Francis, the 266th pope of the Roman Catholic Church, left the United States with a parting message in the same spirit of acceptance that the country showed him.
The church appreciates anyone trying to raise a good family, "whatever the family, people, region, or religion to which they belong," Francis told a massive audience in Philadelphia after a trip full of adoring crowds and official ceremonies.
It capped a week where Francis called for nations to embrace immigrants, declared that man has no right to abuse the environment and sought the abolition of the death penalty.
"I think there were a lot of expectations for the pope to come and kind of let people have it," Dan Misleh, executive director of the Catholic Climate Covenant.
But Francis was instead compassionate, Misleh said, "urging us to get involved, to become better angels, to become the people who God intends us to be."
Francis' six-day visit packed in enough events to make it seem like he was making up for lost time – it had been seven years since a pope visited the U.S. – ranging from intimate blessings to a speech at the United Nations directed at the whole world. Then there were the huge religious ceremonies that showed the church's continued connection with this country, including the first canonization of a saint in North America.
The children Francis embraced captured national attention, perhaps none more so than wheelchair-bound Michael Keating, 10, who has cerebral palsy. The image of Francis bending over to cradle and bless Michael's head on Saturday seemed to capture the tender humanity that brought nearly a million people to Philadelphia for his Sunday Mass, closing the first World Meeting of Families conference in the U.S.
From his arrival in Washington, D.C., to his departure from Philadelphia, the visit's constants were Francis' daily nap and cheery disposition, an outlook that reflects his religious philosophy.
"Love is a concept that he comes back to over and over again," said Tiziana Dearing, an associate professor at Boston College's School of Social Work.
He thinks love manifests it in family, service and preference for the excluded, she said.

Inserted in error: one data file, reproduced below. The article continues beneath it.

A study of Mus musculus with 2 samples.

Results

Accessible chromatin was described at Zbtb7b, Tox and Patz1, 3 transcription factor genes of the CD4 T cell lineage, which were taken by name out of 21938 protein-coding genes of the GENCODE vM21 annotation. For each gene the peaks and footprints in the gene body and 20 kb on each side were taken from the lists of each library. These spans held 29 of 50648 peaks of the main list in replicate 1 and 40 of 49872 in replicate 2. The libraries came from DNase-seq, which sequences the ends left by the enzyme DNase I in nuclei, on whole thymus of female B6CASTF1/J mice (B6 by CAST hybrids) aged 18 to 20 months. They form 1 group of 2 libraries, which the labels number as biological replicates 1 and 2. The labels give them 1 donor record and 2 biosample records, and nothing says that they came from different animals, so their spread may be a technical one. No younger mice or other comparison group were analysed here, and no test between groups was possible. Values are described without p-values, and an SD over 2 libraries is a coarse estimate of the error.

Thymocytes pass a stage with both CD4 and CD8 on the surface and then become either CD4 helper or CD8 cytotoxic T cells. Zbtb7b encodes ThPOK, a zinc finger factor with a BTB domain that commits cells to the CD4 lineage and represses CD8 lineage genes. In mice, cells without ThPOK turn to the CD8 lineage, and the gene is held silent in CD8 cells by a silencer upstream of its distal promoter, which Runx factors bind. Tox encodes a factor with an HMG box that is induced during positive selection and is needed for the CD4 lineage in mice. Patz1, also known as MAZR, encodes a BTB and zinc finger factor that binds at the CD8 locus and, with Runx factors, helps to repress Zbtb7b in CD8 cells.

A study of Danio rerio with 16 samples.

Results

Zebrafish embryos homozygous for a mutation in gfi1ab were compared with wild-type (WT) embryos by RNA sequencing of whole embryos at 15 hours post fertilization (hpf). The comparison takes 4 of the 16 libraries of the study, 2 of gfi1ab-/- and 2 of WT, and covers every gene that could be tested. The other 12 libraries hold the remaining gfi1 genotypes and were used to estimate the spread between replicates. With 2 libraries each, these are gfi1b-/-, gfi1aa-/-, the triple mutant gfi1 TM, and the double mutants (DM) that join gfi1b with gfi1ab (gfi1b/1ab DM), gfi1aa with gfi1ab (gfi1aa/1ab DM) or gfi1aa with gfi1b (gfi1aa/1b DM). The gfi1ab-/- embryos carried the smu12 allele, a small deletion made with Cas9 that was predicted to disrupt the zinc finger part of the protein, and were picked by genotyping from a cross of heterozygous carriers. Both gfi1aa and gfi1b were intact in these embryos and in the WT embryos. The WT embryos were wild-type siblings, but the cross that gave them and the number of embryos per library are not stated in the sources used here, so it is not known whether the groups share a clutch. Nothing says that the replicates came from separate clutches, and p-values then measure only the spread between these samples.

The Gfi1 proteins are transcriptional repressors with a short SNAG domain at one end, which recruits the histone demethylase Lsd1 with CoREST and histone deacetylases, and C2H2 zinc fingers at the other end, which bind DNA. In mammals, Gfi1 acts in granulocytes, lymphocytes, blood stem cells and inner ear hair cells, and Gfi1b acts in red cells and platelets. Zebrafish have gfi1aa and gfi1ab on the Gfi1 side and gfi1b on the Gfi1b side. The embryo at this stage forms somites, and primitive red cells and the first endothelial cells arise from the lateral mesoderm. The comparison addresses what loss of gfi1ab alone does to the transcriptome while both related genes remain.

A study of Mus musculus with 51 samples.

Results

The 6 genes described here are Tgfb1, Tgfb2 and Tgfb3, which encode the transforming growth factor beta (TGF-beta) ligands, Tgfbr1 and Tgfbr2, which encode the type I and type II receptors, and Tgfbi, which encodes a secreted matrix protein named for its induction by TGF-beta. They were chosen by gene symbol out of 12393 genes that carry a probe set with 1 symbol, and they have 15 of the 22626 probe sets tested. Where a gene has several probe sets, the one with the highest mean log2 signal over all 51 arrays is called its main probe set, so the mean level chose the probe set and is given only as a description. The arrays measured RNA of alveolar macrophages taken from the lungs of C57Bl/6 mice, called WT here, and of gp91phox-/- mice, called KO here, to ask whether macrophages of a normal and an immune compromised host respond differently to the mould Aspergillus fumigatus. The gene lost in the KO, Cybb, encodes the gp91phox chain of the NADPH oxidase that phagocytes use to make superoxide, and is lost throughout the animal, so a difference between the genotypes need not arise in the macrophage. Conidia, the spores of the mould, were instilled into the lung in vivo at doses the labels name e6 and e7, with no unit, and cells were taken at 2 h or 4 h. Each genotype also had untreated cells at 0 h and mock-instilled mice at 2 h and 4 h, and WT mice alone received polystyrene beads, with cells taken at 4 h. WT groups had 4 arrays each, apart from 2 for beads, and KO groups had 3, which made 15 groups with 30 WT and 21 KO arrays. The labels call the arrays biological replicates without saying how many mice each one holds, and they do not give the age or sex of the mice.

"He's very hesitant to talk about getting people into church as an institution. He wants us to think about what the truth of the church points us to," namely the joy of Jesus and the church as Catholics' mother, Catholic University of America professor Chad Pecknold said.
The papal visit comes before an important period for the church, which is about to revisit how the church understands the family, possibly updating its position on divorce and gay marriage. Francis has declared a "Year of Mercy" beginning December 8, 2015, which Pecknold thinks may be a way to influence the bishops' deliberations. Francis has given all priests the power to absolve the "sin of abortion" during the Year of Mercy.
The World Meeting of Families was an important prelude to those discussions, and Francis' comments about the family in his Sunday evening homily may set the discussion for the church's upcoming decisions about the family.
Pecknold noted that this visit was much grander than Benedict XVI's U.S. visit in 2008. He also gave Benedict credit for "getting the ball rolling" on addressing sexual abuse at the hands of clergy.
Francis' meeting with victims of abuse, including clerical sexual abuse, and his impassioned comments vowing to hold abusive priests accountable were some of the most shocking of his trip, as the press was given no notice that he would speak so directly about the matter, which has rocked the church in America since the early 2000s.
“I have in my heart these stories of suffering of those youth that were sexually abused,” he said. “God weeps.”
But for all the moments of gravitas, there were light-hearted ones as well. Francis learned how to use a touchscreen from a student in New York, and met an old friend – a rabbi he used to work with in Argentina – to dedicate a statue about Judaism and Catholicism in Philadelphia.
“I’m having a hard time imagining a more well-choreographed visit. Every stop seemed to be filled with meaning and things to ponder,” Misleh said.
The political moments of Francis' trip occasionally made the news as much for what happened around them than what he said.
His speech to Congress – a first for a pope – came the day before Speaker of the House John Boehner, a very religious Catholic, announced he will soon resign. Many in the Washington press speculated on whether the pope's appearance had anything to do with Boehner's announcement, essentially injecting him into a national political story he had nothing to do with.
"The pope comes with none of these intentions in mind but our political system plays out in the context of what he's saying, no matter what," said Dearing, the Boston College professor.
One national issue in which Francis did intervene was Cuba. The visit came several months after talks he'd brokered yielded a historic agreement between the U.S. and Cuba, and he toured both countries on this trip.
Days after meeting with President Obama, he delivered to U.S. bishops in Philadelphia a statuette of the Virgin Mary and baby Jesus sent from Cuban bishops, who wanted it to be delivered to a Cuban community in America.
"Now I'm not gonna get in this difficult situation, you will decide which Cuban community needs this the most," Francis joked.
Yet it's in politics where Misleh, the Catholic Climate Covenant director, hopes to see the lasting effects of Francis' trip to the U.S.
"I would hope that there would be some indication in our political discourse that people have been listening to the pope, that we can have conversations without the vitriol, that we can sit and have dialogue with one another to understand each other’s different points of view," he said. "Right now, at least before the pope’s visit, it certainly didn’t feel that way."
Noreen O'Donnell contributed to this report.